The Kindle Paperwhite takes a lot of what we love about the more expensive, high-end Kindle Oasis and brings the core features into a more affordable package. This is a must-have ereader if you're after a way to read ebooks but you don't want to spend over $200 or £200.
A great reading experience
Limited color options
Still uses microUSB
The Paperwhite is the best-selling product in Amazon's Kindle range, and the latest version takes some of the best elements of the top-end and more expensive Kindle Oasis device and packages them into a more affordable ereader.
That includes a waterproof design and the ability to listen to audiobooks on your ereader too. There’s a lot to love here, but is this the best Kindle for you right now?
Amazon Kindle Paperwhite price and release date
You’re able to order the latest version of the Amazon Kindle Paperwhite on the retailer’s website now. It was released back in 2018.
The price starts at £119.99 / $129.99 / AU$199 for the 8GB version, and then there's a 32GB Wi-Fi only version that costs £149.99 / $159.99 / AU$249. If you want mobile internet on your Kindle, you'll get a 32GB version for £219.99 / $249.99 / AU$369.
Some countries have the choice of buying each Kindle with or without special offers, and the pricing above is for the ereader that does show you the special offers. You'll be spending around $10 or £10 more to get rid of those adverts. If you’re expecting to use your ereader a lot, we’d recommend doing just that.
Design and display
The Kindle Paperwhite is Amazon's mid-range ereader, sitting between the affordable Kindle and the top-end Kindle Oasis in Amazon's range, and the design reflects that.
It doesn't feel as premium as the Oasis - mostly as it has a plastic rear - but we found it easy to grasp, and it doesn't look bad. All of that said, we found it did quickly get quite grubby with fingerprints on the rear.
On the bottom edge you'll find the power button as well as the micro USB slot for charging, but apart from that the edges are clear of buttons, so you can comfortably grip the device without pressing anything by mistake.
The bezels around the screen are thicker than on some more upmarket ereaders, though.
These sit flush with the display, giving the Paperwhite a more high-end look than its previous iterations and ensuring it now looks similar to the discontinued Kindle Voyage.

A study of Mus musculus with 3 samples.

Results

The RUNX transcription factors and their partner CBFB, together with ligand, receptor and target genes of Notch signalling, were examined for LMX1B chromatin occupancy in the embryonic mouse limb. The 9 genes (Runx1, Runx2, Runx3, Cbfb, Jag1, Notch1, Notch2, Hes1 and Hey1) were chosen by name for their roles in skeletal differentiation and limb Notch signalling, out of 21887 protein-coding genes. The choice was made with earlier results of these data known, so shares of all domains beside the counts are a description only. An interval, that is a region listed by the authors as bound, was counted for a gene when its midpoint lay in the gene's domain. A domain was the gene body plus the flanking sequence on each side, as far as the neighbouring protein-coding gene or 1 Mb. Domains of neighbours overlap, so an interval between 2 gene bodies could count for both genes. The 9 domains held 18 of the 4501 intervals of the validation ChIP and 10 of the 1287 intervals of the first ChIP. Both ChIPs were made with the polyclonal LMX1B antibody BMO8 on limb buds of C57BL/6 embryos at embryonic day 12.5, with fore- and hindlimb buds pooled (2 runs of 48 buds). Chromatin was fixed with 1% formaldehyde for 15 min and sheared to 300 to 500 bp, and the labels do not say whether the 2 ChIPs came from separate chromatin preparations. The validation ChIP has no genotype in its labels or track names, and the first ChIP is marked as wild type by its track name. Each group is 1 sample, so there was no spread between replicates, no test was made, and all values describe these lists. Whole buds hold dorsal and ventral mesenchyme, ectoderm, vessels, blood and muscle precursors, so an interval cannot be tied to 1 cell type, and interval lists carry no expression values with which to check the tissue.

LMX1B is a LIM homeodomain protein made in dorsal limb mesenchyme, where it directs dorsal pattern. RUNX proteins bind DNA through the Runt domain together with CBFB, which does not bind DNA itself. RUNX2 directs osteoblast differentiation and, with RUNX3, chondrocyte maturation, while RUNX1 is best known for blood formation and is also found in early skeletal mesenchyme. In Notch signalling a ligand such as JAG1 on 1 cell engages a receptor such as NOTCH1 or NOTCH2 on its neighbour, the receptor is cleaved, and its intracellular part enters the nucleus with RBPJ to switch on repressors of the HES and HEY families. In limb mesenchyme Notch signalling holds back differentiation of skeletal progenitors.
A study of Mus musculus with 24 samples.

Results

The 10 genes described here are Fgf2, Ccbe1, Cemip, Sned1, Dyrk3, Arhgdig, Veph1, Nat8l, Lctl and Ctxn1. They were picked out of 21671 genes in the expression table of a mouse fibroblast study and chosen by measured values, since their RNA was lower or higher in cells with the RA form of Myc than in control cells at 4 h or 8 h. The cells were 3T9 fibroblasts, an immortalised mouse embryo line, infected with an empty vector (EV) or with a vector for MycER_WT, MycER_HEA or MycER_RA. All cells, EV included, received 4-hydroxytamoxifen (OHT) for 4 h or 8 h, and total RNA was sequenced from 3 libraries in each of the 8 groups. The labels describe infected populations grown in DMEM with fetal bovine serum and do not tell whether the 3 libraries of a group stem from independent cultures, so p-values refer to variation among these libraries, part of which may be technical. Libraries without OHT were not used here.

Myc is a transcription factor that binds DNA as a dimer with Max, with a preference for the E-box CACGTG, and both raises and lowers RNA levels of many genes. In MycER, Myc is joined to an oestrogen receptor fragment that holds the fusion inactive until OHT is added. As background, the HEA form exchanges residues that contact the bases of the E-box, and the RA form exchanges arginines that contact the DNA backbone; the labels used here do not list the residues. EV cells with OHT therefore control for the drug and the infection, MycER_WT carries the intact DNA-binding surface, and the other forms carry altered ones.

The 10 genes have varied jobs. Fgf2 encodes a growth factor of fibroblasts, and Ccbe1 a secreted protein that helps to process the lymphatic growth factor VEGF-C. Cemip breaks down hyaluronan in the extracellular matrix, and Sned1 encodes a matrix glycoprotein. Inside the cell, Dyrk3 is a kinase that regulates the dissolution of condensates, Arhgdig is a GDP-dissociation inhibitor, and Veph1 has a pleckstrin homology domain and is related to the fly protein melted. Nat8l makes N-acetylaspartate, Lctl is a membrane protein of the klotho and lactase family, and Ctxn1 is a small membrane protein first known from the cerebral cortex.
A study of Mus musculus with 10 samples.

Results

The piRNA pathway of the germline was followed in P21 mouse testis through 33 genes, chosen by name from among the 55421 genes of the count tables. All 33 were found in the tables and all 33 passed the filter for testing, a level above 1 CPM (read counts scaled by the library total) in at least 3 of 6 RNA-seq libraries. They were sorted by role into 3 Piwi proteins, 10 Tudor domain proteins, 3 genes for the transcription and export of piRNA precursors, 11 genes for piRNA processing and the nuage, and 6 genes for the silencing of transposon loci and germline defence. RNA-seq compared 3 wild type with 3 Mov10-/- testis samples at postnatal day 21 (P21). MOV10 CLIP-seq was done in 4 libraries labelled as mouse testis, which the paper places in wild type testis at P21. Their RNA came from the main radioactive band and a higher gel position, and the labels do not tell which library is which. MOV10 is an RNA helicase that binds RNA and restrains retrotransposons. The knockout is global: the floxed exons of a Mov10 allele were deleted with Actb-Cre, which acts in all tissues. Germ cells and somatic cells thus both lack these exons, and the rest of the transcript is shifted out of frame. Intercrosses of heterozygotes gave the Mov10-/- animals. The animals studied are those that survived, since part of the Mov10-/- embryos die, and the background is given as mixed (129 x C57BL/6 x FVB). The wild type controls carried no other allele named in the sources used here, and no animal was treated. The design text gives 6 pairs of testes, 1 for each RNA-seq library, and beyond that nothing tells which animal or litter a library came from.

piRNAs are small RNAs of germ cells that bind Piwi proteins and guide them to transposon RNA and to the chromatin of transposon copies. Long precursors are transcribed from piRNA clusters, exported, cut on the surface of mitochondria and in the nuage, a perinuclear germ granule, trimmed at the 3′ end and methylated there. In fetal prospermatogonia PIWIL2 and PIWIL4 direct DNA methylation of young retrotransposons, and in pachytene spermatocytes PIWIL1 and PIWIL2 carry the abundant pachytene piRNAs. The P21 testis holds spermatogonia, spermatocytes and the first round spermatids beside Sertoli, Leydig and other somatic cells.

One omission is that there aren't any hardware buttons for changing the page. Instead you'll be using the touchscreen to flip through pages. We’ve found this to be reactive to the touch, so you won’t struggle scrubbing through pages in your latest book.
The display itself is 6 inches with a resolution of 300 pixels per inch, which is the same as the last Paperwhite, and the perfect resolution for reading text.
The brightness has been slightly improved here, although it's not something we noticed particularly.
That said, the last Kindle Paperwhite was already bright enough, but you may appreciate this change just a touch more when reading on a sun lounger.
If you want to change the look of your Kindle Paperwhite, you can wrap it in one of five cases. There are woven material options as well as two leather ones, and you can see the whole selection below.
These can be bought from Amazon, with the woven material starting at £24.99 / $29.99 / AU$44.95 and the leather at £34.99 / $39.99 / AU$54.95. You'll also have the choice of the Kindle Paperwhite in black or Twilight Blue.
A big upgrade over the original Paperwhite, and one of a few features inherited from the top-end Oasis, is the fact the Kindle Paperwhite (2018) now comes with a waterproof design.
That means you can happily read in the bath, or while lounging by the pool, without having to worry about it getting splashed or dunked. It can survive up to 60 minutes at depths of up to 2 meters.
James is Managing Editor for Android Police. Previously, he was Senior Phones Editor for TechRadar, and he has covered smartphones and the mobile space for the best part of a decade bringing you news on all the big announcements from top manufacturers making mobile phones and other portable gadgets. James is often testing out and reviewing the latest and greatest mobile phones, smartwatches, tablets, virtual reality headsets, fitness trackers and more. He once fell over.